Tangerine Jelly

Tangerine Jelly

I like to branch out and try to learn new skills occasionally. Well, I really like to buy new kitchen gear and books on Amazon but after that I like to try out all my new stuff in the kitchen!

Tangerine Jelly

There is a toast and jam fiend living in our house (not me) and that someone eats jam by the bucketful. I’m pretty sure my newly acquired skills will be put to good use. Whenever we visit the US we have to ask for “preserves” at Panera. “Jelly” tends to be sugar filled imposter jam. Don’t worry this tangerine jelly is the real deal and not poser jam!

Tangerine Jelly

The hardest part about making jelly was the waiting. It was agony waiting for the juice to drip. I just kept staring at it and I swear it was dripping slow on purpose! I was so excited to see if it would set but this takes several hours. I forced myself to put it in the cupboard and go to bed.

The process of making jelly is a bit tougher than making jam and takes a lot longer but the end result is worth it. This tangerine jelly is not super sweet. It has a very strong citrus tang. I find it very refreshing. Jelly is supposed to be more intense than jam. You won’t need as much jelly on your toast as you would jam.


Tangerine Jelly

Yield: 2 jars


910g/2lb tangerines

2 lemons (these can't be left out as they provide the natural pectin)

1 grapefruit (you could cut this down to half if you don't want your jam too tart)

2.8 litres/5 pints water (that says 2 point 8 litres the . is coming up very faint!)

sugar (amount will be determined later)


  1. Wash and peel the fruit. Chop the peel and the fruit. Place the peel and the fruit in a large pot with the water.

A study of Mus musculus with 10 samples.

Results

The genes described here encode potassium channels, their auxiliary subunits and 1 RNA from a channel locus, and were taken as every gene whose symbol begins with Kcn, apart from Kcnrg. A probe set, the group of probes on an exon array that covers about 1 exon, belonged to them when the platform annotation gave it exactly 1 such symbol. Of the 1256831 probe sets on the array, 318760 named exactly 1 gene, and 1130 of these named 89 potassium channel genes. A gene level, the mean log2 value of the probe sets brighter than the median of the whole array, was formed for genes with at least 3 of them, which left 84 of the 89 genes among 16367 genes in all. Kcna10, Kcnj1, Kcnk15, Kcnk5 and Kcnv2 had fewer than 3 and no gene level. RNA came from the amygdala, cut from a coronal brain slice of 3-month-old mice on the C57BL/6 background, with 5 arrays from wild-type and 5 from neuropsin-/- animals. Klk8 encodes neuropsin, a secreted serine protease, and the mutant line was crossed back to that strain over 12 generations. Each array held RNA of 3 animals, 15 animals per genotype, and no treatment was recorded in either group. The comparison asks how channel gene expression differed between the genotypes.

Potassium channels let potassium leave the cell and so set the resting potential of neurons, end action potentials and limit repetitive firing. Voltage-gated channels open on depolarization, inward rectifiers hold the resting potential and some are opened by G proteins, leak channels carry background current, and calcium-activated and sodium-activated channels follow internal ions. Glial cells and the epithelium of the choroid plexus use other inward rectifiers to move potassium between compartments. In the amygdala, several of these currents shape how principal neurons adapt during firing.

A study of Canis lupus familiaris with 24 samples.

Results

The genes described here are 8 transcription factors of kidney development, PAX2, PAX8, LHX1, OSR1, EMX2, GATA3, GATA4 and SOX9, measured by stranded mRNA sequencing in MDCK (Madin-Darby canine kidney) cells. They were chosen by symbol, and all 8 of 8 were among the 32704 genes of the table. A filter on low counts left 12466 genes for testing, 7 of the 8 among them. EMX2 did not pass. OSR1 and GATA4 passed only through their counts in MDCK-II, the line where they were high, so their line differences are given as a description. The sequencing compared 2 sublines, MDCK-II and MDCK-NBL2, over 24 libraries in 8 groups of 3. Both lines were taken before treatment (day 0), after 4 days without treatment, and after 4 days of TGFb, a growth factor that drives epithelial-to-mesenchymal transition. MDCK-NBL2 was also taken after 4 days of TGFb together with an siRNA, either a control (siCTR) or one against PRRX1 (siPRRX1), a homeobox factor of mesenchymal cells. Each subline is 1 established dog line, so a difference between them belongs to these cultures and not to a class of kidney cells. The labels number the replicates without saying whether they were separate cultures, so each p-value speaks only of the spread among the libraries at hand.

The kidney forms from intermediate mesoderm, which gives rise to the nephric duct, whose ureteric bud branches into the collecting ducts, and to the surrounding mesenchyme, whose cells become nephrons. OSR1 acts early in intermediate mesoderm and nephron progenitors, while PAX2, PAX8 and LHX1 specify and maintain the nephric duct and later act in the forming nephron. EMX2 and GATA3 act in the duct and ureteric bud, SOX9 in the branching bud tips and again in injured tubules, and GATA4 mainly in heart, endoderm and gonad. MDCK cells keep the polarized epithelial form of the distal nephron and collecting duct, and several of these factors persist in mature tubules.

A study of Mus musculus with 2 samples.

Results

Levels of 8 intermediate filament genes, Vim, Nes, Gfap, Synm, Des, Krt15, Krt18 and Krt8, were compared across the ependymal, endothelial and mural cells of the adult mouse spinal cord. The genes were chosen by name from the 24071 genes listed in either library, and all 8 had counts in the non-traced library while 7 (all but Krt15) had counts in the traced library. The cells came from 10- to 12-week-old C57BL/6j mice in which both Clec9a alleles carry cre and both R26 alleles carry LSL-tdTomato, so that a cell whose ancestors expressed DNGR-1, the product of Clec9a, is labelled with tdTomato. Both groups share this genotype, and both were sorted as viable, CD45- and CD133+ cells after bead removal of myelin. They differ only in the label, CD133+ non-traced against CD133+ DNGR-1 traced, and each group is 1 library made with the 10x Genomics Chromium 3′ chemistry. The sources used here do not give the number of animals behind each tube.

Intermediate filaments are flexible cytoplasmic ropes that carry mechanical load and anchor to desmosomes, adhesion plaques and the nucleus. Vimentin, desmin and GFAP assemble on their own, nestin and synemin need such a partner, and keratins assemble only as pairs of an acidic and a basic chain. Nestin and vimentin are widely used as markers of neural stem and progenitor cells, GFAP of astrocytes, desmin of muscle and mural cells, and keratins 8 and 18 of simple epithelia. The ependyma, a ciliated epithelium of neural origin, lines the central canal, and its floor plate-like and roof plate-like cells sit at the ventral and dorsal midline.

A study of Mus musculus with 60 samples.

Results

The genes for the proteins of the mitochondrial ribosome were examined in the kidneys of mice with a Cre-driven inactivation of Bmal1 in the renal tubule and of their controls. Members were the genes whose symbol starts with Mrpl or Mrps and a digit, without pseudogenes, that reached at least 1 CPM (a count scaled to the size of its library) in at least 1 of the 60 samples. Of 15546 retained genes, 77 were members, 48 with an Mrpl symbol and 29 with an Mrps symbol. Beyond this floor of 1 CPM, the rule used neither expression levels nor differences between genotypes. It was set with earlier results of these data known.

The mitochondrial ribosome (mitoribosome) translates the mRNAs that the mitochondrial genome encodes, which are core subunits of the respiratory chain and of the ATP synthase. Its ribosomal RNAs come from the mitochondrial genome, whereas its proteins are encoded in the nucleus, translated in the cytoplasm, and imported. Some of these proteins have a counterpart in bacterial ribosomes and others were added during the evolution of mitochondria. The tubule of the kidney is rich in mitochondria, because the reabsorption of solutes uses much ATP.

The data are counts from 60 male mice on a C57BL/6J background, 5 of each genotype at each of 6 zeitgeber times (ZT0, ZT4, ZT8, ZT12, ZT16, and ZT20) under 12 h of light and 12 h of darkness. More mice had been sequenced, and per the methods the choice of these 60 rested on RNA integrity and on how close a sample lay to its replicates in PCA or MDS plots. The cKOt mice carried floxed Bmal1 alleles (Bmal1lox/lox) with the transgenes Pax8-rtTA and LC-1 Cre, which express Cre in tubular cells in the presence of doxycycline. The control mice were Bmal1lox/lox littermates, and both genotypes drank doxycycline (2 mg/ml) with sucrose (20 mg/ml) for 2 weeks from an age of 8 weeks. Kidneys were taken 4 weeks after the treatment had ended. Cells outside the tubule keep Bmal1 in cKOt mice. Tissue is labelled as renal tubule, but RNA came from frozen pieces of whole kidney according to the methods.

2. Simmer (uncovered) for 2 hours until the peel is soft.
  3. Strain through a jelly bag (don't squeeze it no matter how tempting it may be). Let it drip for several hours or overnight.
  4. Pour the juice back into the pan with 800g of sugar per litre of liquid (1lb of sugar for each pint). Stir until dissolved.
  5. Boil rapidly for five minutes or it sets. I did about 7 minutes.
  6. Pour the mixture carefully into sterilized jars. There are several ways to sterilize jars (water baths, oven canning). My method is not the only way but it worked well for me. Make sure to do your research to see what works best for you. I washed my jars in soapy water and placed them in the oven at 160 C for about 30 minutes. After I poured the mixture in I placed wax seals on top and screwed on the lid. I them put them in the back of cupboard to set.
  7. Once the jars are cooled and set label with the date and fruit. Periodically check the jars to ensure no mold is present. Keep stored in a cool dark place.

adapted from Let’s Preserve It 

For my information on canning and preserving I bought Let’s Preserve It and The Blue Chair Jam Cookbook. Both have extensive introduction chapters that are worth reading.